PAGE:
Lead writer and designer of the upcoming Dark Souls Roleplaying Game, Richard August, has answered one of the most commonly asked fan questions since the game was announced: why it uses D&D 5E rules as a base system. In a recent interview with Wargamer, August explained the team had chosen to use D&D 5E both to optimise combat and because of the greater familiarity of D&D for people trying tabletop roleplaying games for the first time.
“Personally, I think that 5E is a really solid approach because it gives you a lot of options in terms of combat”, August told Wargamer. “When you’re using a sword or casting a spell, [D&D player characters] are designed to be effective against an opponent, and I think that’s something that really works in Dark Souls”.
The decision to model the Dark Souls system around D&D 5E also came from a desire to introduce newer players to tabletop roleplaying games, August added, saying: “We want to invite people who’ve not necessarily played an RPG before”.
And, according to August, by getting new players to learn a system similar to D&D 5E, you also make the rest of the TTRPG world more accessible to them. “I think it makes sense to let people know that if you play this game, you’ll have access to pretty much everything in the RPG market,” he told us.
It’s not just D&D’s big name that August reckons will draw new players to the Dark Souls RPG; D&D also provides a core mechanic that he finds players “intuitively understand”. “You roll a d20, you add a modifier, and you hit”, he explained, arguing this familiarity was “a good thing for a game with an IP as universally beloved as Dark Souls”.
Of course, the world of Dark Souls isn’t all sunshine and jolly cooperation. Asked if the Dark Souls RPG system will emulate the famed difficulty of the videogame series, August acknowledged that, when it comes to defeat and death, D&D 5E is “a very forgiving game”. However, he said Steamforged has made some crucial changes to the 5E system in order to provide some additional challenge.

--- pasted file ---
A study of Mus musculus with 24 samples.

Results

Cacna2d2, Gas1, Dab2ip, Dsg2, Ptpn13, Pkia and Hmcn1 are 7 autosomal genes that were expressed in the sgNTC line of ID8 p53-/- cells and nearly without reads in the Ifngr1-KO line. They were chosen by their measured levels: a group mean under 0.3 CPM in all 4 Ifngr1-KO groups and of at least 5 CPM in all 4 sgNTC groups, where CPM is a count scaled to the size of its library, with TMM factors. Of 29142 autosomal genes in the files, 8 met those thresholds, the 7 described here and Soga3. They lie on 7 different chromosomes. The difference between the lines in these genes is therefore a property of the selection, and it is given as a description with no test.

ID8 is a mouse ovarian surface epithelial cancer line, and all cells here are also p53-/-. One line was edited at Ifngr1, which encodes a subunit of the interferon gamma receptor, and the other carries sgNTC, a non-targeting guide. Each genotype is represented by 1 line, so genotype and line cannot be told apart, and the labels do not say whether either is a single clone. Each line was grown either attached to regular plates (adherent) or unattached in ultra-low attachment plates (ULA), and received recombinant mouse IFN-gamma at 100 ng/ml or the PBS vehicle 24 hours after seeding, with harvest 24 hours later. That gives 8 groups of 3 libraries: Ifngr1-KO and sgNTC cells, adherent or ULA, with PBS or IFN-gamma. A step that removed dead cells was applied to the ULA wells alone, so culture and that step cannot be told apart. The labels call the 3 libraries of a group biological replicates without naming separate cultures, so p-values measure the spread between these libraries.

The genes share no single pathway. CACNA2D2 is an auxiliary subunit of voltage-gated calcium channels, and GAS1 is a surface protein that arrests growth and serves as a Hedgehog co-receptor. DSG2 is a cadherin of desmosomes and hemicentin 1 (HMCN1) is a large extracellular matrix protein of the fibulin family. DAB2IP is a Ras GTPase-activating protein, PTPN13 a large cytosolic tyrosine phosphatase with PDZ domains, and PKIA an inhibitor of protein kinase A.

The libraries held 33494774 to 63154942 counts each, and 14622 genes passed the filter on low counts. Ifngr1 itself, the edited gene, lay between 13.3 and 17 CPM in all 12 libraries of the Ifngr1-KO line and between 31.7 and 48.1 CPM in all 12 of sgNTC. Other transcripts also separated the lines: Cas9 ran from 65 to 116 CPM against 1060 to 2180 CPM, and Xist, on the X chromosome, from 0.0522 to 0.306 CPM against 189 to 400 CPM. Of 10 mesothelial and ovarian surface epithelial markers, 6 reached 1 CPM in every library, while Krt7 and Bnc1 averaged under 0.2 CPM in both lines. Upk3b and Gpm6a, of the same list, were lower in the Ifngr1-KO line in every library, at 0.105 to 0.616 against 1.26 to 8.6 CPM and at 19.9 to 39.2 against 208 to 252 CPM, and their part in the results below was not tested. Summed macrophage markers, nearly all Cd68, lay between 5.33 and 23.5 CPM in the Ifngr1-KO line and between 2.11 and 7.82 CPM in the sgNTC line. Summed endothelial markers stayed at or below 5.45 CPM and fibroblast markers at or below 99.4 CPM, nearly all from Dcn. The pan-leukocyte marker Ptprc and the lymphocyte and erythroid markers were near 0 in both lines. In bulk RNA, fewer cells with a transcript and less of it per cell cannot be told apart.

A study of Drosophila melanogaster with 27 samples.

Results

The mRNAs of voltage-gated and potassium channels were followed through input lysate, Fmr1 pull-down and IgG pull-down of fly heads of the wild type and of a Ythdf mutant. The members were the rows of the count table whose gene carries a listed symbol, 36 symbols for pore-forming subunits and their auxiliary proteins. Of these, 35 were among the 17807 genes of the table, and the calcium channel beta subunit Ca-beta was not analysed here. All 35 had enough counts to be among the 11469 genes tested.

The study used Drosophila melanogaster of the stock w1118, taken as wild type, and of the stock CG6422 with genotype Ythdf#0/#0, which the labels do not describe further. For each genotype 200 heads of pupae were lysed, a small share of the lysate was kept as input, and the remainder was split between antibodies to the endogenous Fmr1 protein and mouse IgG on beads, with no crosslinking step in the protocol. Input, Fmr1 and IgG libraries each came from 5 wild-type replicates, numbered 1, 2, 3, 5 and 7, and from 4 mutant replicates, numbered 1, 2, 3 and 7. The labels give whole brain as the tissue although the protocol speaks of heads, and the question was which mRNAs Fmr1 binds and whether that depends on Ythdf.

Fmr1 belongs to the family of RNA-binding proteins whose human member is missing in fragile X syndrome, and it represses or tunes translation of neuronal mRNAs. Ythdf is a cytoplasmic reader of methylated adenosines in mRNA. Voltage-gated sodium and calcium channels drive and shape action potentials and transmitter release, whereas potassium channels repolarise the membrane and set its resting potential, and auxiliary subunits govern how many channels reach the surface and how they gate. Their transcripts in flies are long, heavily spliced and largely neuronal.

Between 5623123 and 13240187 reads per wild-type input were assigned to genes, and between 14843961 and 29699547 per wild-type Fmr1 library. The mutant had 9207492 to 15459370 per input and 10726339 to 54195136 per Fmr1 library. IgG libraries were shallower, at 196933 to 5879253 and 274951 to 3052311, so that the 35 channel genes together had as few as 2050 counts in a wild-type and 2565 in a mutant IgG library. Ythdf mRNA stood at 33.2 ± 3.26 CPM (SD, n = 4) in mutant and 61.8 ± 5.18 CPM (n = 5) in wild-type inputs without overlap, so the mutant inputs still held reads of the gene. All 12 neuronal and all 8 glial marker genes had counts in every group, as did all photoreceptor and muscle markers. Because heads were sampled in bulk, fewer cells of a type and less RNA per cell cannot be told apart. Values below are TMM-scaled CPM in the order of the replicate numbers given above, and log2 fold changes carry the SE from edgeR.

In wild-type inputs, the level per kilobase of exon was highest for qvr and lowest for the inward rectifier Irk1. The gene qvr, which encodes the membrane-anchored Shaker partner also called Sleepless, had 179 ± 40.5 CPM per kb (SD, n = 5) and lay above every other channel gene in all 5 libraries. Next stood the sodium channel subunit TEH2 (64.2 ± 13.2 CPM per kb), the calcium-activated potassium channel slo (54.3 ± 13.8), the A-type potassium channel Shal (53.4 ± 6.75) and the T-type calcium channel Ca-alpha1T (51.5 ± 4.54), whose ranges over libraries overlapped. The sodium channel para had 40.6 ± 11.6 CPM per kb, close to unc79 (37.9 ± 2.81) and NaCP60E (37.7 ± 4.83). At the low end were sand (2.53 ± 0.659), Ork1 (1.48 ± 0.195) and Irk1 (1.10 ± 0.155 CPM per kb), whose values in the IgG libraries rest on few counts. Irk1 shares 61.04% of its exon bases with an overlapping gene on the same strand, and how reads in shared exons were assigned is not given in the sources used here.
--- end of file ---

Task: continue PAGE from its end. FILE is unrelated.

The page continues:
“One of the ways was limiting your health – it’s not going to go up as quickly. And there’s also Position, our signature mechanic. That makes [health] expendable. It also makes spending health desirable, which means you are more vulnerable. If you want to hack through three hollow soldiers in quick time or kill something in one hit, you’ll need to spend health to do it.”
Magic, too, is a powerful (though limited) resource in the Dark Souls RPG, and we know from Steamforged’s blog posts that this has undergone a complete makeover to better match the world of Dark Souls. Similarly, these blogs introduce the ‘bloodied’ mechanic, where bosses or players with less than half health get bonuses or behaviour changes that make them even more dangerous.
“We’ve attempted to recreate the technical mastery of Dark Souls, in terms of conserving and spending your resources”, August said. “You are going to have to work together and optimise your combinations to take down the really tough stuff, so there is definitely a higher level of difficulty than you would expect in a 5E game.”
Want even more insider info on the Dark Souls RPG? Richard August also talked to Wargamer about “the beast of an equipment section” found in the rulebook. If that’s not enough, you can also learn everything Richard had to say to Wargamer in the full Dark Souls RPG interview.